Huge aircraft will allow for water and retardant drops from higher altitudes

Posted: April 3, 2009 12:46 a.m.
Updated: April 3, 2009 4:55 a.m.

The Boeing 747 Supertanker, pictured, was developed by Evergreen Aviations and re-engineered to help fight fires. County officials hope to implement the planes as soon as possible, which can accurately hit its target from up an altitude of 500 feet.

There’s a new weapon in the war against wildland fires — the Boeing 747 Supertanker.

Evergreen Aviations spent $50 million and five years developing the aircraft and received federal approval from an interagency board that includes U.S Forest Service to use the plane to battle fires across the country this summer, said Jim Baynes, Evergreen Aviation spokesman.

The plane offers firefighters another tool in battling wildland blazes, Baynes said.

“If it’s available for use, (the Supertanker) is a resource that (County fire) would be interested in deploying,” said Capt. Mike Brown of the Los Angeles County Fire Department.

County fire plans to look into whether the aircraft is a viable option for the department, he said.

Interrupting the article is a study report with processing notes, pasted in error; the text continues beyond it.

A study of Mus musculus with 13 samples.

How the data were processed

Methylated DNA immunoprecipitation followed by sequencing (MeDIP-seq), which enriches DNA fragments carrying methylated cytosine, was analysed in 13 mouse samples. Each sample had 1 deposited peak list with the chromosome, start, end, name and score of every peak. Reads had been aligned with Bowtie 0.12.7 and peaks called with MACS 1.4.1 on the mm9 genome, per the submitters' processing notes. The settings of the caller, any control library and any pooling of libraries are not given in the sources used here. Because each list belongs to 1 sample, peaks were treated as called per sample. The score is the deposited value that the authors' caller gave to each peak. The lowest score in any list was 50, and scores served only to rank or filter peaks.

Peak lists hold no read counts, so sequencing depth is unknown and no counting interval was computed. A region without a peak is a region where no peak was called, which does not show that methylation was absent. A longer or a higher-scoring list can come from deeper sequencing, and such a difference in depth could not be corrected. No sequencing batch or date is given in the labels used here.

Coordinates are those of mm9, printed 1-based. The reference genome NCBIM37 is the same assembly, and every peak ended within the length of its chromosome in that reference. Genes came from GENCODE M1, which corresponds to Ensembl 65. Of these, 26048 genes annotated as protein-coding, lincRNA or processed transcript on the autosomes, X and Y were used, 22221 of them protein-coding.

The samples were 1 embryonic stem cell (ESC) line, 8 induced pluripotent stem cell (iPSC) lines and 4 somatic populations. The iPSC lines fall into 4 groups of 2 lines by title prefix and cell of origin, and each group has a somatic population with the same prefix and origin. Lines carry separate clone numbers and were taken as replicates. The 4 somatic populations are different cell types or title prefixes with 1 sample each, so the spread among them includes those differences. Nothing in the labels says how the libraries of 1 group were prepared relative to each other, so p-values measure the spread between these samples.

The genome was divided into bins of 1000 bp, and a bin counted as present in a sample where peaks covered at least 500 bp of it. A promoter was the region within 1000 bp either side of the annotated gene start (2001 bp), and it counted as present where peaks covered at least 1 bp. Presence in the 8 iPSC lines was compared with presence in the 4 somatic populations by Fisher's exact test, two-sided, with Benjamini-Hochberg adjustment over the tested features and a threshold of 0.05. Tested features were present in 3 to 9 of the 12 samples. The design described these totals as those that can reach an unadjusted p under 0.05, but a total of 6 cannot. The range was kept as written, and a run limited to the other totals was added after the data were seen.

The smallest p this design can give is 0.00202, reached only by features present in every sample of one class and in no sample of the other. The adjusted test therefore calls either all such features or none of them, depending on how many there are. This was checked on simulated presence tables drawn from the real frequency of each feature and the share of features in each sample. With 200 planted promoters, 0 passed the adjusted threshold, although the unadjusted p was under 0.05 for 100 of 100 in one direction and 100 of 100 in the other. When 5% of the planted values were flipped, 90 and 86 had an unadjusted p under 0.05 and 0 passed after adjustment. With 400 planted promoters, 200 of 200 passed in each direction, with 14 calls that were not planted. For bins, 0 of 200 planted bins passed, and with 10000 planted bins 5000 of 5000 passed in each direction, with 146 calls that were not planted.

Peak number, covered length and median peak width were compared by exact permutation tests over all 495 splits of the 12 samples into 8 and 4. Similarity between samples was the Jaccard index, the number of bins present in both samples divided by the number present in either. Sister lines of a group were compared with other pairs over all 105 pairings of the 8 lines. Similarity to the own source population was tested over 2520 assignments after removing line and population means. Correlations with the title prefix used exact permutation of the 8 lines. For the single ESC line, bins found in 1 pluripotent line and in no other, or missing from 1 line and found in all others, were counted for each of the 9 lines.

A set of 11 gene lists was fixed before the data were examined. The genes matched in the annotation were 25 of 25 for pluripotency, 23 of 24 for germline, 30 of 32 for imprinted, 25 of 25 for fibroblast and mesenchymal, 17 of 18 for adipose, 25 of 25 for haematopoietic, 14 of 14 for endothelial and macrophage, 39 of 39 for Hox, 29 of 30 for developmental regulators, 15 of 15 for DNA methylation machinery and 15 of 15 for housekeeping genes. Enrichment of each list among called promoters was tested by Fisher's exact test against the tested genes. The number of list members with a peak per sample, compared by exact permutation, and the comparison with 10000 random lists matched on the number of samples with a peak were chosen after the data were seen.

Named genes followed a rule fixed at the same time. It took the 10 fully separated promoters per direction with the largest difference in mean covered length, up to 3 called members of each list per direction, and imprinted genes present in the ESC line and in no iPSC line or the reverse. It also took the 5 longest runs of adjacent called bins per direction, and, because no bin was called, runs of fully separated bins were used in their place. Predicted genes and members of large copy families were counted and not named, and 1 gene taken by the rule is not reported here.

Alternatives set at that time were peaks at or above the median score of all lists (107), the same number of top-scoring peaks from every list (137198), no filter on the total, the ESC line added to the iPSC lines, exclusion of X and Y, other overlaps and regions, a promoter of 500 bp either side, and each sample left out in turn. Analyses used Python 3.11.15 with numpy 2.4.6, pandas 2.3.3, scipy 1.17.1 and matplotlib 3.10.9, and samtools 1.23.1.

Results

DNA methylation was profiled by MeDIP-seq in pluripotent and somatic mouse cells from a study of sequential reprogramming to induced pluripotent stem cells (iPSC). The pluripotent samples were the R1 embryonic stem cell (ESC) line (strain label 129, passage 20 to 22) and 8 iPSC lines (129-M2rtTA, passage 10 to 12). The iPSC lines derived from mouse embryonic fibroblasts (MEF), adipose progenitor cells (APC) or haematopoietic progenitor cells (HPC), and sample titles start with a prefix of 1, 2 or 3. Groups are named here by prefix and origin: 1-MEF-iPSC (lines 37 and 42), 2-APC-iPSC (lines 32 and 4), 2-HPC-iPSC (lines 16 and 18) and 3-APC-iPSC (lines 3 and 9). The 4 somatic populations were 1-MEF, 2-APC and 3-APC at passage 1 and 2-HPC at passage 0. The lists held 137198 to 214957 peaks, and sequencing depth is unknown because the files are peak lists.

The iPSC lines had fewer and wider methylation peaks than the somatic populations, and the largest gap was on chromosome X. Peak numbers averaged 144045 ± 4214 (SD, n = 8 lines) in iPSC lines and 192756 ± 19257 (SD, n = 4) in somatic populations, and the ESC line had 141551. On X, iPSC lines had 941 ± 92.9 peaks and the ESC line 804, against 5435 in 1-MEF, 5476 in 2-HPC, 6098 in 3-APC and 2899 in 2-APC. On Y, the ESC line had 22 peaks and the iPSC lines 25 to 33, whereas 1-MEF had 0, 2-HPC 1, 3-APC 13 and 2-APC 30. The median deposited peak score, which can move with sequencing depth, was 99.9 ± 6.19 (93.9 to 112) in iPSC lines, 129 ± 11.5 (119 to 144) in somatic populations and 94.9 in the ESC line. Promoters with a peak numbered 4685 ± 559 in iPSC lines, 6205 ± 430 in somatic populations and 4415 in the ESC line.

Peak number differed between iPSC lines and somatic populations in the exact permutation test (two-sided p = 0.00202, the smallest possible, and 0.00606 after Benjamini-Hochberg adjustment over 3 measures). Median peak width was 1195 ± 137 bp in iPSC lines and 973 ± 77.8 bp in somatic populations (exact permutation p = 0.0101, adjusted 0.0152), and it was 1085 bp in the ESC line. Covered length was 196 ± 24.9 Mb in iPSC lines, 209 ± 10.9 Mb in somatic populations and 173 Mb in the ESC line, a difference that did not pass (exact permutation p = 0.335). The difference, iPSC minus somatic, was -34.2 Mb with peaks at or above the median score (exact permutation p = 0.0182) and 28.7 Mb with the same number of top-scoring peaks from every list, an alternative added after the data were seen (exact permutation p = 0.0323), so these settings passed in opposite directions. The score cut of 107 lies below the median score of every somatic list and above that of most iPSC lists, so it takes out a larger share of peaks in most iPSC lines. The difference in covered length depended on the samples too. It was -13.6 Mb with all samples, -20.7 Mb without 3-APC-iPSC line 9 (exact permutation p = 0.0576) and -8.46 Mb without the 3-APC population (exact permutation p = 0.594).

The Supertanker won’t replace small fixed-winged planes or helicopters, which are perfect for precision air drops in tight remote locations, he said.

However, that’s not to say the behemoth can’t make tight turns, Baynes said.

“We’ve surprised people with the Supertankers maneuverability,” he said.

The Supertanker can do things that other large tanker aircraft such as the DC-10 and the SuperScooper can’t, he said.

With its pressurized system the Supertanker can accurately drop water from relatively high altitudes, Baynes said.

The DC-10 and SuperScooper air tankers drop from between 150 to 200 feet above a target. The Supertanker can accurately hit a target from as high as 500 feet depending on the wind conditions, Baynes said.

Higher-altitude air drops make the Supertanker perfect for night operations, he said.

The pressurized drop system also improves the accuracy of the air drops, Baynes added.

The U.S. Forest Service is negotiating with Evergreen Aviation to lease a Supertanker for the upcoming fire season, Baynes said.

“We have operation agreements with several Southern California airports if we’re called into action,” Baynes said. The agreements allow the plane to use those airports as a bases of operations. “All we need is 7,500 feet of runway, he said. “We can operate out of San Bernardino and Victorville.”